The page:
Much has been written about Sidewalk Labs’ ambitious proposal to redevelop Toronto’s eastern waterfront. The futuristic plan, called Quayside, includes an entire neighbourhood of 10 mixed-used buildings up to 35 storeys, featuring Cross Laminated Timber (CLT) construction. The sheer scale of Quayside would place the development in the global forefront of mass timber projects.
The proposal has met resistance at various planning and political committee levels, focused largely on ethical issues surrounding the security and privacy of citizen data to be collected by Sidewalk Labs. However, that subject has not gained much public traction. A recent Forum Research study indicated that only 38 per cent of Torontonians were even familiar with the Quayside project and only 60 per cent of those expressed worries over Sidewalk Labs’ ability to collect data on area residents and workers.
However, what does seem to register is public concerns over mass timber’s fire resistance. In fact, it’s a topic that arises whenever wooden structures are considered in high density urban settings. The ability of mass timber to resist damage or load failure due to fire is not well understood.
Solid mass timber has proven its longevity, having framed the walls, floors and roofs of famous buildings all over the world for centuries. Mass timber today, however, is a manufactured product first developed in Europe in the 1990s. The term is often referred to as Cross Laminated Timber or CLT, and encompasses all manner of large-scale beams, truss systems or load-bearing panels. These structural members are made from several layers of kiln-dried lumber boards stacked in alternating directions and bonded with adhesives.
Mass timber gains its Flash Flame Resistance (FFR) rating by charring slightly during exposure to fire. This charring insulates the interior sections from further damage for a considerably long period of time. This differs significantly from highly-flammable, standard light timber framing that, by code, is shielded from flame by gypsum board.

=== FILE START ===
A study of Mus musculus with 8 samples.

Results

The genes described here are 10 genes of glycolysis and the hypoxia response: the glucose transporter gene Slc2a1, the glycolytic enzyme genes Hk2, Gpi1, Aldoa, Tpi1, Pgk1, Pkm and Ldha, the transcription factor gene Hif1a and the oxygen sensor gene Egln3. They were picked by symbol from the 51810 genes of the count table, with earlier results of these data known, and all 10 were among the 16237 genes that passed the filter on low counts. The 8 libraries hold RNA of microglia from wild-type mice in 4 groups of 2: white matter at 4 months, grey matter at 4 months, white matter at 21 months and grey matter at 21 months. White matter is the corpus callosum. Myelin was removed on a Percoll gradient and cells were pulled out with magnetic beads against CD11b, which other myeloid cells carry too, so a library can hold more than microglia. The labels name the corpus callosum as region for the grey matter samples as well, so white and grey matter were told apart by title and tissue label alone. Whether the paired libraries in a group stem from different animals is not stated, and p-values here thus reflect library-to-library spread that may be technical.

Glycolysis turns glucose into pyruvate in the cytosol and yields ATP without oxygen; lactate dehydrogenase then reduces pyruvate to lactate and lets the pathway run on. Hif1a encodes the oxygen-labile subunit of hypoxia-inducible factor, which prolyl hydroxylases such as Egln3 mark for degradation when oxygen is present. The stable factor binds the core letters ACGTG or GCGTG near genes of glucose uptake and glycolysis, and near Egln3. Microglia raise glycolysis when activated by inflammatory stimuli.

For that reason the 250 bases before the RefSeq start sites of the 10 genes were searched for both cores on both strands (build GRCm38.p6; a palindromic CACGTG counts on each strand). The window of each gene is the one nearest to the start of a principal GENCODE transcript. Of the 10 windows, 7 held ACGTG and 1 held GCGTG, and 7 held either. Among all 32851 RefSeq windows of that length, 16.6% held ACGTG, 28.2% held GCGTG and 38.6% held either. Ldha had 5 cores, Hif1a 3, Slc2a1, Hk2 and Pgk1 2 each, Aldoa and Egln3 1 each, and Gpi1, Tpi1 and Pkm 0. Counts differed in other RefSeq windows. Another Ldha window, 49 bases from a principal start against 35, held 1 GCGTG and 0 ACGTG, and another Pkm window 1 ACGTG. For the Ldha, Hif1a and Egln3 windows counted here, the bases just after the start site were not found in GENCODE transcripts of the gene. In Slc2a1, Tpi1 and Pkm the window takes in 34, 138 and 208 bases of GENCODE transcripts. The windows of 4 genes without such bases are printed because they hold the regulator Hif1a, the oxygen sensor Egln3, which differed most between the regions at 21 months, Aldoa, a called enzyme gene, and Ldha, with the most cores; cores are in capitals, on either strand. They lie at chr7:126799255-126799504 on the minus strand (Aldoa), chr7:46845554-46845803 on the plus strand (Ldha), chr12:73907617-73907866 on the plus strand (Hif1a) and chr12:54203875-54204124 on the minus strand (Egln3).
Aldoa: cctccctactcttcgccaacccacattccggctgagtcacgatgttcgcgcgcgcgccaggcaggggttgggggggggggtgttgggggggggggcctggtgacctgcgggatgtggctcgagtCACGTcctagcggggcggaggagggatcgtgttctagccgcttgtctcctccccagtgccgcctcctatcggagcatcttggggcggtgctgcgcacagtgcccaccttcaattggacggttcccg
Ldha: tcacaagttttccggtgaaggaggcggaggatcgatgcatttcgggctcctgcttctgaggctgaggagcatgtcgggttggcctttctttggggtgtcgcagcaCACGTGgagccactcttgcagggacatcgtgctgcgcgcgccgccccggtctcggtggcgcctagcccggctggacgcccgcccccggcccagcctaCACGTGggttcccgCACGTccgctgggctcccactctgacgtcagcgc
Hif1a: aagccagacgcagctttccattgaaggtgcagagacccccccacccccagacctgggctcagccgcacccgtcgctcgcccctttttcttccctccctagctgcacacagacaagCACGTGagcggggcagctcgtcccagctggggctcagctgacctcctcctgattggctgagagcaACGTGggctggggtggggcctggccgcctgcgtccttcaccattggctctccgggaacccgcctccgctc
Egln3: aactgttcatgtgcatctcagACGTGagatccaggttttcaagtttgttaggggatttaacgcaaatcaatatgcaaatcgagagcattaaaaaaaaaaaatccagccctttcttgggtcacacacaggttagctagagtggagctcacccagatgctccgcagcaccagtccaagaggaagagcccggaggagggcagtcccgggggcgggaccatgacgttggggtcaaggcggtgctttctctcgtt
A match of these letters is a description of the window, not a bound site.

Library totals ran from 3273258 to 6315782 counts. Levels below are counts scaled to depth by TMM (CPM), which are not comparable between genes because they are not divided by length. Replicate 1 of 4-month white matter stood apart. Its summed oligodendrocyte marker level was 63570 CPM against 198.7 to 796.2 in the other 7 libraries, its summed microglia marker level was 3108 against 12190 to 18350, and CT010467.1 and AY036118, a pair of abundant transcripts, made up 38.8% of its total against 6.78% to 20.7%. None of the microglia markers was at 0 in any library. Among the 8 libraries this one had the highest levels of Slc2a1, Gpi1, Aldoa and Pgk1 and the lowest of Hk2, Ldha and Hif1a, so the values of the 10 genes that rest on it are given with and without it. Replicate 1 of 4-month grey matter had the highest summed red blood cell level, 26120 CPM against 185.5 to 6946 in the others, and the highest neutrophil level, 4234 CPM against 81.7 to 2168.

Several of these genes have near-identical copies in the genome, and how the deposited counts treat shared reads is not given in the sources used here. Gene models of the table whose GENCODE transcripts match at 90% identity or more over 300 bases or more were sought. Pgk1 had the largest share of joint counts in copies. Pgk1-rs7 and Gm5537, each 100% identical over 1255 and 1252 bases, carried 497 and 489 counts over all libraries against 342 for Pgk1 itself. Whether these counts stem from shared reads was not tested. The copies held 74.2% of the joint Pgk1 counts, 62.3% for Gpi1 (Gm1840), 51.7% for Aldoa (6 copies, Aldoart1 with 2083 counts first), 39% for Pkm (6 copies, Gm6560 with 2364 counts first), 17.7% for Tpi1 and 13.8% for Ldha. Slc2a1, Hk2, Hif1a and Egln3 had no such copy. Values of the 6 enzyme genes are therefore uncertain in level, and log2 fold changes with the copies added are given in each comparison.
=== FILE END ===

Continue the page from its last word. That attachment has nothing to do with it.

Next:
“As the face of the timber panel is exposed to a fire that ramps up to a temperature in excess of 400 degrees C, the surface of the timber ignites and burns at a steady rate,” explains GreenSpec, a U.K. firm that advises industry professionals working with green building products. “As the timber burns, it loses its strength and becomes a black layer of ‘char’. The char becomes an insulating layer preventing an excessive rise in temperature within the unburnt core of the panel. It is this unaffected core which continues to function for the period of the fire resistance.” Each CLT panel used in the building must be designed to meet the fire resistance and load requirements assigned to that panel under the relevant building code.
Because CLTs are manufactured from several layers of material glued together, fire resistance is determined by the number and thickness of material layers, or plies, and the bonding adhesive used in production. The charring of the individual plies can be accurately predicted due to testing over the past several decades. The bonding adhesive, however, is a variable. New regulations are to be put in place in North America by 2021 that will result in higher standards for fire resistance in adhesives.
The overall fire resistance of CLTs is not only impressive, it retains structural stability under high temperatures better than steel. For example, tests conducted by the American Wood Council replicated five real-world scenarios using identical, furnished, one-bedroom apartments in a multi-storey building. The room built with five-ply CLT panels was subjected to temperatures exceeding 1,800 degrees Fahrenheit and reportedly survived three hours and six minutes, far more than the two-hour rating that building code required.
Mass timber construction has gained notice and popularity due to its long life and lower carbon impact. However, there needs to be more education concerning CLT’s fire resistance in order to quell the concerns of those who might live or work within the mass timber structures of the future.
John Bleasby is a Coldwater, Ont. based freelance writer. Send comments and Inside Innovation column ideas to firstname.lastname@example.org.